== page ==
In this unusual addition to our journal, we have the happiness of making known to the British Publick [sic], and thence to the whole civilized world, recent discoveries in Astronomy which will build an imperishable monument to the age in which we live, and confer upon the present generation of the human race a proud distinction through all future time.
It has been poetically said, that the stars of heaven are the hereditary regalia of man, as the intellectual sovereign of the animal creation. He may now fold the Zodiack [sic] around him with a loftier contentiousness of his mental supremacy.Sir John Herschel, 1835
In my timeline Chickering and Perkins discover the article at the same time – 1836. Perkins finds it in her family home in Pennsylvania and Chickering finds it in her family home in New Hampshire. Perkins is six or seven at the time and to her it reads like the most magical story – it is a dream. It consumes all her play, all her thoughts. Chickering is older, 16 or 17, and she sees it as a way to make a name for herself. She is a geologist and mineralogist. She wants to be the first to mine and map the moon.
I first learned about the moon hoax while driving to Kinkos the week before History Day 2015. I already knew that I was leaving OHC for the art museum. I had received my call to action from Merilee Mostov that I needed to be an artist, not a used-to-be-artist. I was listening to the moon hoax on the “Stuff You Missed in History Class” podcast and I could feel the story becoming real and tangible in my mind, and I had that feeling that if I don’t get it all in and know it as fast as I can I will explode.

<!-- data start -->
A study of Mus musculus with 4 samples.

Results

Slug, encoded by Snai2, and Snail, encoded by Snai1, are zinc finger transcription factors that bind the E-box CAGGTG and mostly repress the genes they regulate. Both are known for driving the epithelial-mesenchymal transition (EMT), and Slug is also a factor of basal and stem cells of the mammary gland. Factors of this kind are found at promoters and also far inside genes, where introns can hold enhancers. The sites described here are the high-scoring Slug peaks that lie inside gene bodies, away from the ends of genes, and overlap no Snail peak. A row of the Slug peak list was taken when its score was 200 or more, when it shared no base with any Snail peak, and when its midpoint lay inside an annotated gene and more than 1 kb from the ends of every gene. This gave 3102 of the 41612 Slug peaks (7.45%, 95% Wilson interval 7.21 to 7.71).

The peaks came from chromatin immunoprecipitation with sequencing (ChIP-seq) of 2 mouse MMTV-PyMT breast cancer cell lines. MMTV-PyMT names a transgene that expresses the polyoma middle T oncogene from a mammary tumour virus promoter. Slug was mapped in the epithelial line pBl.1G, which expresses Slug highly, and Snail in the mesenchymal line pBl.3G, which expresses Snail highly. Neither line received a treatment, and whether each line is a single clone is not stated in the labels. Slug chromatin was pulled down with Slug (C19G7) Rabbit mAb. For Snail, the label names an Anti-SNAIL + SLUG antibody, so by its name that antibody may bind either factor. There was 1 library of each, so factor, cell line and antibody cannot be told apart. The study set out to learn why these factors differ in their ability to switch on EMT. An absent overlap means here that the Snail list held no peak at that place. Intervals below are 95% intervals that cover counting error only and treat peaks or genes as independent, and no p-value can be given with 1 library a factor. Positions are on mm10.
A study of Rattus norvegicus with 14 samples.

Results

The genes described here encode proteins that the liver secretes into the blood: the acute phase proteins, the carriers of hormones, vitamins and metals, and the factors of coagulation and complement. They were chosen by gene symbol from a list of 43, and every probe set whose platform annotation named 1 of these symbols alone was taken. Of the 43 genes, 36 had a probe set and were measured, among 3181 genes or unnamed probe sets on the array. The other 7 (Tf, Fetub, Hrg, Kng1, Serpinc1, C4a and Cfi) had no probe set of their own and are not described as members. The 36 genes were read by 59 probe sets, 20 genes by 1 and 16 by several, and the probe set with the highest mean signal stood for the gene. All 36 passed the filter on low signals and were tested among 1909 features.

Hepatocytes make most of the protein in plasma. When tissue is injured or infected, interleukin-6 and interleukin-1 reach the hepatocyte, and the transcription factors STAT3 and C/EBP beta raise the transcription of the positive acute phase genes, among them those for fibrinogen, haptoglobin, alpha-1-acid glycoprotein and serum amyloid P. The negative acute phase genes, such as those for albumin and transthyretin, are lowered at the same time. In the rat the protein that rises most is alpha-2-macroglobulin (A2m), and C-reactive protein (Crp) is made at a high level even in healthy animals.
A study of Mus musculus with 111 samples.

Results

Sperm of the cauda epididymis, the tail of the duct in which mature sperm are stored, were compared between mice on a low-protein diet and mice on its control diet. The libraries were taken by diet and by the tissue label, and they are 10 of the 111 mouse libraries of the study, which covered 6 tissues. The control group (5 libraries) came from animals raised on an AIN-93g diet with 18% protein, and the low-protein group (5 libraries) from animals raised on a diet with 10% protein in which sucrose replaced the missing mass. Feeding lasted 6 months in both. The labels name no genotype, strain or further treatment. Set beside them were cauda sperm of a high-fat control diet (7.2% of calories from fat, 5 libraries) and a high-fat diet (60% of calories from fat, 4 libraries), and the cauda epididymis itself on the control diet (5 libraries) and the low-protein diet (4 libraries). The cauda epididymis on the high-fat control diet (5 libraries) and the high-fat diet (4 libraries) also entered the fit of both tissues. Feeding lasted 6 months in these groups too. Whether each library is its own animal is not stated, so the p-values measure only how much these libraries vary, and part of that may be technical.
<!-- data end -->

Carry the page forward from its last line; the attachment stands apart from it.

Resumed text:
Both women have copies of the article and they make lists upon lists – supplies one would need, types of rocks, gems, flora, fauna, physical features, described. Chickering sketches and doodles maps, Perkins embroiders imagined moon plants. They obsess in different worlds. They imagine what it would be like to swim in lunar oceans, eat lunar fruits and vegetables, to see the earth from a distance and know that everything is so much more vast.
As I listened to the two podcasters describe the article I began imagining what the archive of their experience might look like. If we went to this moon – if we were smart and explored in the way that could preserve what was there and protect it rather than conquer it. I imagined hoarding all the beautiful objects and artifacts I would make like a dragon hoarding eggs.
These women that I imagined – Perkins and Chickering – were women ahead of their time and a product of their time. I started making lists in the way I imagined they would. I wrote a narrative for them and in doing so was breathing life back into my own world. To rewrite:
“It has been poetically said that the stars of heaven are the hereditary regalia of people, as the curious cohort of the animal creation. We may now fold the zodiac around us with broader conscientiousness of our mental elasticity.”